Prior to the fall of Kabul, President Biden dismissed the idea that he could trust the Taliban. "Is that a serious question?" he asked. "No, I do not."

Why it matters: He may not trust them, but as his administration has worked to evacuate Americans and Afghans, the entire mission has hinged on cooperation with a militant group that the U.S. spent years fighting.

  • Biden had stressed in recent days that the Taliban were letting U.S. citizens and, less consistently, Afghan allies pass through checkpoints. That's crucial, because the Taliban control the flow of traffic to the airport.
  • He said Thursday night that he had no regrets about allowing the Taliban to control the airport's perimeter because it was in the group's "self-interest" to prevent ISIS-K attacks and facilitate the U.S. evacuations.
  • And CENTCOM Commander Gen. Kenneth McKenzie noted that security coordination with the Taliban will be essential in preventing another attack. Both Biden and McKenzie said there's no evidence of collusion between ISIS-K and the Taliban.

Biden’s cooperation with the Taliban has been a source of some consternation on Capitol Hill, particularly after a Politico report that the U.S. provided the Taliban with a list of names of evacuating Afghans.

  • The move was reportedly intended to facilitate their travel to the airport but could ultimately make them Taliban targets.
  • Asked about the report, Biden said the U.S. did tell the Taliban to let certain groups of Afghans through, but he wasn’t aware of any such lists.

What's next: The U.S. and its allies — most of which have already suspended their evacuations — are relying on the Taliban to continue to allow Afghans and their own citizens to leave the country beyond Aug. 31.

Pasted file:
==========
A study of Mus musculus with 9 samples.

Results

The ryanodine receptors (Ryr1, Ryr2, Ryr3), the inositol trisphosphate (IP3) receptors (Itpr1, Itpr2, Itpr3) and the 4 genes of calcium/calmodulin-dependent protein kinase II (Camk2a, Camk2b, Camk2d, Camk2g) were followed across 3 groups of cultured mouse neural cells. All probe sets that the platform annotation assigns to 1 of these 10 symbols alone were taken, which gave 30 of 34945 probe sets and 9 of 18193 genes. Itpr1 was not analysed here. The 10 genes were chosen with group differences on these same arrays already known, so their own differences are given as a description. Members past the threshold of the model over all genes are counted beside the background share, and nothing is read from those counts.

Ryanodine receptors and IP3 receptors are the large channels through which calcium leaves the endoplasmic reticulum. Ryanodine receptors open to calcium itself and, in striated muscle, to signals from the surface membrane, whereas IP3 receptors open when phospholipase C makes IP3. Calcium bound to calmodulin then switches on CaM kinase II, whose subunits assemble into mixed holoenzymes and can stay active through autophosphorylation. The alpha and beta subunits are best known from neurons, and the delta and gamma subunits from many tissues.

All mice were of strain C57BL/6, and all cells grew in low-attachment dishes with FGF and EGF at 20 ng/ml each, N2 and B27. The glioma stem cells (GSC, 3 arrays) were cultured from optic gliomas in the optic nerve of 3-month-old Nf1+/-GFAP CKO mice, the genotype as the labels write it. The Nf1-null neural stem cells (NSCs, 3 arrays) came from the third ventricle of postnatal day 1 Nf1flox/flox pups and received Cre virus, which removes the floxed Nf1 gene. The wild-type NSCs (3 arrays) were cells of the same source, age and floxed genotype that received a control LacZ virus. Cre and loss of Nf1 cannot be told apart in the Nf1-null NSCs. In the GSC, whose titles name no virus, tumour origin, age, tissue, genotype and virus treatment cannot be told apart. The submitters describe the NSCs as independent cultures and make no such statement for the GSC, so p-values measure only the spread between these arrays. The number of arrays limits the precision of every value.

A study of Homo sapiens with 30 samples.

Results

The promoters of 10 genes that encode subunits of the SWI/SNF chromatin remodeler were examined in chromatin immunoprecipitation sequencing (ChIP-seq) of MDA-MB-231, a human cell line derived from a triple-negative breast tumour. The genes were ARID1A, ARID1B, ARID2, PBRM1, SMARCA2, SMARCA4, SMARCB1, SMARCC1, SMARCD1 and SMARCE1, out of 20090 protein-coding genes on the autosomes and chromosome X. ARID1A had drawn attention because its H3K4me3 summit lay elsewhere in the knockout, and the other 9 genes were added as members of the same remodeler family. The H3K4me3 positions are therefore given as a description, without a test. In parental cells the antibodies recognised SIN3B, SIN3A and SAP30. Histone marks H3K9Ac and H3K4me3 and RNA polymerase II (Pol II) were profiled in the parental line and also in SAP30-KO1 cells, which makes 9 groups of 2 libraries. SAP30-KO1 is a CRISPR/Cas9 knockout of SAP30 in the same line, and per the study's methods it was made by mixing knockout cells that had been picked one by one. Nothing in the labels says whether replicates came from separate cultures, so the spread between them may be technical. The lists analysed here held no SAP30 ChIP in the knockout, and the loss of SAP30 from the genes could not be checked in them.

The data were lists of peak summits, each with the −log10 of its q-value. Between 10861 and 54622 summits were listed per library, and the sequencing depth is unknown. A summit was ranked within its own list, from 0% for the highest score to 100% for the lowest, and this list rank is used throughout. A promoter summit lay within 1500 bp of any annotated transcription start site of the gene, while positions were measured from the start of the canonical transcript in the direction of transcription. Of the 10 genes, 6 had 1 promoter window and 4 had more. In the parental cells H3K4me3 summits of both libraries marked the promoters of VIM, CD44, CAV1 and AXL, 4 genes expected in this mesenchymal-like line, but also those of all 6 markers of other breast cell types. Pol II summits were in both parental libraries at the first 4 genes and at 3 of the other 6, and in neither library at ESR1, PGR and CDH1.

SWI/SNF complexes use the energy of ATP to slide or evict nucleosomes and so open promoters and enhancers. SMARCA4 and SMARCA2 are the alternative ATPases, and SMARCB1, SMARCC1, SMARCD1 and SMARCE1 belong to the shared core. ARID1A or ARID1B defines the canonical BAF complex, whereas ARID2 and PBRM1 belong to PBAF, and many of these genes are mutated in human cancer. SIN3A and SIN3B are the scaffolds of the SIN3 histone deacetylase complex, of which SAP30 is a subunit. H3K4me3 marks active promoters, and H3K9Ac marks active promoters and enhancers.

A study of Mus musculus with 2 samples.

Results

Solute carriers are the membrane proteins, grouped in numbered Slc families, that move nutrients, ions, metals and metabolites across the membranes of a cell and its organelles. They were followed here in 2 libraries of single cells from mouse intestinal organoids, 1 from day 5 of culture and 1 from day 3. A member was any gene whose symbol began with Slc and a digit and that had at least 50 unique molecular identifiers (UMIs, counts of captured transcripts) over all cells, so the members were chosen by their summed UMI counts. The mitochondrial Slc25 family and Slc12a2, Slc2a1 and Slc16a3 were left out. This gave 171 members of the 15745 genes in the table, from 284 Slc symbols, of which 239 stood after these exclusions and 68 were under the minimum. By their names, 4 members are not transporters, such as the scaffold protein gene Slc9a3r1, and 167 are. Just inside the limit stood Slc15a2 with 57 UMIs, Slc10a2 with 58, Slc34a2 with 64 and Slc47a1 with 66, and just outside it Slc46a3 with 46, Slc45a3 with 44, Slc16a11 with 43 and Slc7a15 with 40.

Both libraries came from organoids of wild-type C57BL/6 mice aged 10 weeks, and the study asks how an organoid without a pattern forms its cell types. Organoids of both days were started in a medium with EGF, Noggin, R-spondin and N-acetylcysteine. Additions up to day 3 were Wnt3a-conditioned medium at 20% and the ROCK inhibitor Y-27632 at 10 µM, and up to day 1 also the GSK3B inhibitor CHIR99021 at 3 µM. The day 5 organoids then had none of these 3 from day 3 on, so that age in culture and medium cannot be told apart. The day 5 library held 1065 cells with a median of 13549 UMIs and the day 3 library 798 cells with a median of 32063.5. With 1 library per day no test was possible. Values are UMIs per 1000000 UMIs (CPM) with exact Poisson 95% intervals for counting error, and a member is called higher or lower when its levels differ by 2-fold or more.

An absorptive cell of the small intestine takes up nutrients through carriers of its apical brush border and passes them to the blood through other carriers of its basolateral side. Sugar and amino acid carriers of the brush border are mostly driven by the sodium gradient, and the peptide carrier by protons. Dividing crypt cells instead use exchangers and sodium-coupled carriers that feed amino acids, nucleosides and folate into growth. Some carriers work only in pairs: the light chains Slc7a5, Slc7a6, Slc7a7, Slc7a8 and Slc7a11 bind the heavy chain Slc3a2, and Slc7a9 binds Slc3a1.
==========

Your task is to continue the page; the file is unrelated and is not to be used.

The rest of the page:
• Secretary of State Antony Blinken said Wednesday that the Taliban have provided assurances to that effect, and German Chancellor Angela Merkel spoke of the need for diplomacy with the Taliban to ensure they follow through.

Yes, but: Signals from the Taliban have been mixed at best. Spokesperson Zabihullah Mujahid lamented the ongoing brain drain on Tuesday and said "we are not in favor of allowing Afghans to leave."

Go deeper: U.S. allies scramble to leave Afghanistan

Go deeper

Updated Oct 16, 2021 - World

Islamic State claims responsibility for deadly bombing in southern Afghanistan

The mosque after the explosion in southern Kandahar province on Oct. 15. Photo: Murteza Khaliqi/Anadolu Agency via Getty Images

The Islamic State group claimed responsibility for a massive blast that tore through a crowded Shiite mosque in the southern Afghan city of Kandahar on Friday, killing at least 47 people and injuring dozens more, AP reports.

Why it matters: Friday's attack was the deadliest to strike Afghanistan since the U.S. withdrew its troops from the region and is the second major attack on a Shiite mosque in a week, underscoring the Taliban's growing security threat from other militant groups.

Oct 14, 2021 - World

Pakistan Airlines halts flights to Kabul citing "heavy-handedness" of Taliban

Passengers board a Pakistan International Airlines flight in Kabul on Sept 13. Photo: Aamir Qureshi/AFP via Getty Images

Pakistan International Airlines on Thursday halted flights to Kabul after what it called "heavy-handedness" of Taliban authorities, Reuters reports.

Driving the news: The suspension comes after the Taliban ordered PIA to slash ticket prices, warning that the company's Afghan operations could be blocked if it refused to do so, per Reuters.

Mike Allen, author of AM
20 mins ago - Politics & Policy

GOP senator calls for senility test for aging leaders

Photo: "Axios on HBO"

Sen. Bill Cassidy (R-La.), a physician, told me during an "Axios on HBO" interview that he favors cognition tests for aging leaders of all three branches of government.

Why it matters: Wisdom comes with age. But science also shows that we lose something. And much of the world is now run by old people — including President Biden, 78 ... Speaker Pelosi, 81 ...  Senate Majority Leader Chuck Schumer, 70 ... and Senate Minority Leader Mitch McConnell, 79.